It was on 9.57am Thursday local time, three minutes early, that the first prototype of the Airbus A330neo took to the dark grey skies of Toulouse, France.
“The weather was closing in and we wanted to take off before that, we need a minimal ceiling height of 2000 feet for first flights,” said Patrick du Ché, Head of Development Flight Tests.
Many famous aircraft from the Caravelle to Concorde and A380 have first taken to the skies from these runways.
But in a week when Airbus produced so many other headlines, this almost shrannk to a marginal event compared to Tuesday’s surprise news of Airbus taking a majority stake in Bombardier’s CSeries program and reports about various corruption cases surfacing again on the morning of the first flight.
But then the A330neo is not a completely new aircraft, it’s a refinement of the A330 in service since 1994.
A total of 1,368 A330ceos (current engine option) have been delivered to September, 2017, with total orders of 1,482.
So far, 212 A330neo have been ordered. The plane, which has new wings and engines, boasts fuel savings of 25 per cent versus the Boeing 767 and 15 per cent lower operating costs versus the Boeing 787.
The take-off for the first flight, which took a total of four hours and 13 minutes, demonstrated an important advantage: the aircraft is extremely quiet thanks to Rolls-Royce Trent 7000 engines.
“Their noise amounts to 6dB less versus the Trent 700 used on the A330ceo, because the bypass ratio has been doubled from 5:1 to 10:1, meaning it only emits half the sound energy,” explained Chris Davie, project director at Rolls-Royce.
The fan diameter is now 2.84m (versus 2.47m), meaning it is wider than the fuselage diameter of Concorde – and making the Trent 7000 11 per cent more efficient.
And, of course, there are other improvements.
The wing span has been extended by 3.70m to a total of 64m, now with integrated sharklets.
The upper belly fairing and new slats result in aerodynamic enhancements that add another 4 per cent efficiency improvement.
The distinctive cockpit windscreen has been transferred from the A350 to the A330neo.
Inside the cabin, Airbus offers the newly branded “Airspace” interior, also taken from the A350. Thanks to a new lavatory design, a modular Space-Flex galley and optimized lower deck crew rest, up to ten additional seats can be installed while the airframe itself remains untouched.
Airbus boasts its 8 abreast Economy cabin with seats 18 inches wide, while competitor Boeing installs 9 abreast at just 17 inches in its 787.
While two flight test aircraft will accumulate 1,100 flight hours in the coming seven months or so to gain certification in mid-2018, the new cabin will be tested on the first production aircraft MSN1819. This aircraft will ultimately be delivered to launch operator TAP Air Portugal next year.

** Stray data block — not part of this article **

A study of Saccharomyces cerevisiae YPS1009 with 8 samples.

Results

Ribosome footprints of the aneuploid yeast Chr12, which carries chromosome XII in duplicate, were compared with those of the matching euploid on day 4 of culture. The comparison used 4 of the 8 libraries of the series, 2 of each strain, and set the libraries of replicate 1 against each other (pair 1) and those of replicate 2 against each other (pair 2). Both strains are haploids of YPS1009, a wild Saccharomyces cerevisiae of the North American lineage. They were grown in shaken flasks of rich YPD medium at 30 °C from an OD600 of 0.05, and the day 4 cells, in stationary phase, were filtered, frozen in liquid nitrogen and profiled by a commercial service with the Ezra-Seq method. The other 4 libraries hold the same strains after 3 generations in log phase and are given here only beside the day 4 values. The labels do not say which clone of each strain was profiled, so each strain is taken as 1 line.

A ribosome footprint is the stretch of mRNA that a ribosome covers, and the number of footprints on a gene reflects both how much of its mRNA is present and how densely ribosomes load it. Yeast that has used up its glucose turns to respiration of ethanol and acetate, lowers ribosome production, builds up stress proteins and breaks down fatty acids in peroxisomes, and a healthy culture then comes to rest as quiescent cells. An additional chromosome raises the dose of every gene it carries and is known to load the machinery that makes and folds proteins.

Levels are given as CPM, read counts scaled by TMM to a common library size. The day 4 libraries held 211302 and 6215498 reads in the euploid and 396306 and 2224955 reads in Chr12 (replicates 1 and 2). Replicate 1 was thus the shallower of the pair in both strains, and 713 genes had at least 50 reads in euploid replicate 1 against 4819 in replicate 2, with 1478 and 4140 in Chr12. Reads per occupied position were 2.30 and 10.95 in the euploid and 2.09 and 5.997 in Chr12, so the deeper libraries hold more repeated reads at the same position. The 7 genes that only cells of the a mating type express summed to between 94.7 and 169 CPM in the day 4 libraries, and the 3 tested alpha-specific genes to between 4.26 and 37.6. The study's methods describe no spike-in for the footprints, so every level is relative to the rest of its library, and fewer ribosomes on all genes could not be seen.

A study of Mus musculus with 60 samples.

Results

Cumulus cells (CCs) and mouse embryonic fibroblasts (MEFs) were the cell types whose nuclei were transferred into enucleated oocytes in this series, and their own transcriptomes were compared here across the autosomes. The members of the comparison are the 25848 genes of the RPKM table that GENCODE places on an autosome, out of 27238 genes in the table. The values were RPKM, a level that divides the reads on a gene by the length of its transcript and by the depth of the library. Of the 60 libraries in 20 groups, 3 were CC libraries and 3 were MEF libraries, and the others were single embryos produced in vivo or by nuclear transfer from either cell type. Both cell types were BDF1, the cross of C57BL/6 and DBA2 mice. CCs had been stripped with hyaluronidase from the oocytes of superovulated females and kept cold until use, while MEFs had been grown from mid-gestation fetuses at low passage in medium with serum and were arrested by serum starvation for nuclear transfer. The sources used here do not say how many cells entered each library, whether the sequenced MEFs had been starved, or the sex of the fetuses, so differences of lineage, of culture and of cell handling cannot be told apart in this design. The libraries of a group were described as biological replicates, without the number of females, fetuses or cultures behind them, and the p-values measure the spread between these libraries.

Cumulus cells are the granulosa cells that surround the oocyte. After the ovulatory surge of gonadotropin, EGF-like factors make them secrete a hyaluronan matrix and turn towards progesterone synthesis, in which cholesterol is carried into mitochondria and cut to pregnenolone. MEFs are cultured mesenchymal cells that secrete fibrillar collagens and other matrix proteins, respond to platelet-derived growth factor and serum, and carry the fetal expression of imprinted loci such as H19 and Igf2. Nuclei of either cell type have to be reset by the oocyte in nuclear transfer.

Airbus has not modified the fuselage lengths of the current A330-200 and A330-300 models. These are still offered as A330ceos.
Additionally, there are now the A330-800 (up to 406 passengers, with a typical 257-seat layout its range is 13,900 km) and the A330-900 (maximum of 440 passengers, range with 287 seats 12,130 km).
Compared with the base models, range has been increased by 280km and 460 km, respectively.
In Toulouse for the flight, Airbus chief executive Fabrice Brégier said the maximum take-off weight of the A330neo would be increased from 242 tons today to 251 tons by mid-2020. This would enable to increase the range versus the A330neo base model by up to 1,300 km, and even 2,700 km versus the A330ceo.
The reason for this is to become more competitive with the popular Boeing 787-9.
The longer A330-900 currently has 206 firm orders. Its biggest customer is Malaysia’s Air Asia X, with 66 orders, followed by Iran Air, with 28.
The A330-800 has only been ordered by Hawaiian Airlines with six.
Almost coinciding with the first flight, Hawaiian chief executive Mark Dunkerly has expressed doubts about the A330-800 order and apparently is now more fond of the Boeing 787.
This raises doubts if the smaller A330-800 will find takers at all and whether it will suffer the same fate as the A350-800, which Hawaiian Airlines had ordered originally. Hawaiian transferred its orders to the A330-800 when it was told the smallest version of the A350 would not be built.
Airbus will continue to produce the A330ceo and A330neo models, up to a rate of six per month maximum, until well into the next decade.
The hope is to earn more than the development costs of US$2bn, as Airbus aims to sell about a thousand A330neos.
The restart of the program is an impressive confirmation of the A330 concept, almost a quarter of a century after its first flight.
It is a late-bloomer, because in its first years the twin stood very much in the shadow of the almost identical four-engine A340.
That, however, was abandoned in late 2011 after delivering only 375 aircraft.